U.S. spokesman Col. Greg Julian denied that claim and said militants fired on the combined force after American and Afghan troops ordered them to surrender.
"They were five armed militants that fired on a joint force ... when they went in to get a targeted individual," Julian said. "They called them out when they arrived, and these guys came out shooting and were killed in the process."
The fact that Afghan special forces were on the raid is a significant step that helps insulate the U.S. military against charges of killing civilians. Afghan troops typically have not taken part in such operations.
After angry condemnations by President Hamid Karzai over the last several months on the issue of civilian deaths, the U.S. recently agreed to put Afghan forces on all of its missions, including sensitive overnight raids conducted by U.S. Special Operations Forces.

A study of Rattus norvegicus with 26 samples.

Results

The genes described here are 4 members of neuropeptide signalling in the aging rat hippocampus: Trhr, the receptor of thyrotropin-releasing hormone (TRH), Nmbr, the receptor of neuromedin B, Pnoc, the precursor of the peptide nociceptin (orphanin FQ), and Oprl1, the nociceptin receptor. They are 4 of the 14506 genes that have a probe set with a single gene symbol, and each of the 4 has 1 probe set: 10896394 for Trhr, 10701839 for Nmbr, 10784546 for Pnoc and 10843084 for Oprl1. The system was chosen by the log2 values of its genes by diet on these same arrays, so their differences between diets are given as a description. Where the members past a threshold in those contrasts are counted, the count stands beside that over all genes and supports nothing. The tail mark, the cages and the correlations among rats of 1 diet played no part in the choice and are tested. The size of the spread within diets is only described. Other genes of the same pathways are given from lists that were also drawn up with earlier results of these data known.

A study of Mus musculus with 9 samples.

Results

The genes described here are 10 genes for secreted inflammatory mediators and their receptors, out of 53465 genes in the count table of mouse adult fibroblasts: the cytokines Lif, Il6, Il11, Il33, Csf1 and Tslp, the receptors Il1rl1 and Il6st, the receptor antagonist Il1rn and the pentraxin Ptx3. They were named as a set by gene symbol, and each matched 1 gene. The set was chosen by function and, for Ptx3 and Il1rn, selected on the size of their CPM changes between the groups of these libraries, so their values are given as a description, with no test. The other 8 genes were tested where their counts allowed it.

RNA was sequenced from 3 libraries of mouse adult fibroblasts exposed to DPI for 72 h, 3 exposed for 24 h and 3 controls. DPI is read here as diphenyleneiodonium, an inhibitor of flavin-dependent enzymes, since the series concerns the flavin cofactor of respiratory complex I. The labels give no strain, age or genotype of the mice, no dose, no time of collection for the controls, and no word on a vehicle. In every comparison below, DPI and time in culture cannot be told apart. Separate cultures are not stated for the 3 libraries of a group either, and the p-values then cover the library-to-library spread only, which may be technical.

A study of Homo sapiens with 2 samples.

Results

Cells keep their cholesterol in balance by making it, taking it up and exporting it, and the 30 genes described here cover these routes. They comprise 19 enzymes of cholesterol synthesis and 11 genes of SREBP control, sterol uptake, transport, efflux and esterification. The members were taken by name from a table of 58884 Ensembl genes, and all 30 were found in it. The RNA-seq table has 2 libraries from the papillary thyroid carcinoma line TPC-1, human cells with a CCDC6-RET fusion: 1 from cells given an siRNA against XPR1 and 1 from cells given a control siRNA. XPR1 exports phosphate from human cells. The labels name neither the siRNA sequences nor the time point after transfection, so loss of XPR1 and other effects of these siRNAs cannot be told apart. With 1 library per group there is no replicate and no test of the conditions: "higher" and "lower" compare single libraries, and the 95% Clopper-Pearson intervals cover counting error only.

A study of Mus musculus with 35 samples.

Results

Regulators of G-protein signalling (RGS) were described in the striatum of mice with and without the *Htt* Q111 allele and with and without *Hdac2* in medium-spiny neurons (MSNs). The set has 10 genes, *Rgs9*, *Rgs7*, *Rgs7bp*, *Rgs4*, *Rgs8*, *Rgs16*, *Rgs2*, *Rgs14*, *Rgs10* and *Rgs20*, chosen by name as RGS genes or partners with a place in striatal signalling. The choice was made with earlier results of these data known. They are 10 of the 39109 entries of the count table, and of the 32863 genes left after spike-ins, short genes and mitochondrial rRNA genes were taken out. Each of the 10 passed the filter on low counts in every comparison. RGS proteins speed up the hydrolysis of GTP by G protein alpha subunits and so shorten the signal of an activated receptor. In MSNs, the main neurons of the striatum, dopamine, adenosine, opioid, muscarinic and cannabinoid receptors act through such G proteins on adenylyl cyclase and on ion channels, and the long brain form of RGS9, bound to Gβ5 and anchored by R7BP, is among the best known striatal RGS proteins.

Citing information from local Afghan officials, Den Mohammad Darwesh, the spokesman for Logar's governor, said the five killed in Charkh district were civilians
- a father and four sons. He said one man and one woman were also wounded.
The spokesman for the Afghan Ministry of Defense couldn't immediately be reached.
Discerning who is and is not a civilian has long been difficult in the Afghan conflict. Militants do not wear any uniforms and many civilians own guns and will fire them when foreign troops enter their villages at night.
Journalists and human rights monitors can rarely travel to remote battle sites to try to confirm information from officials.
Local Afghan officials have been known to falsely claim that civilians were killed in an operation, either under pressure from militants or in hopes that villagers would be able to claim payment from the U.S. or Afghan government.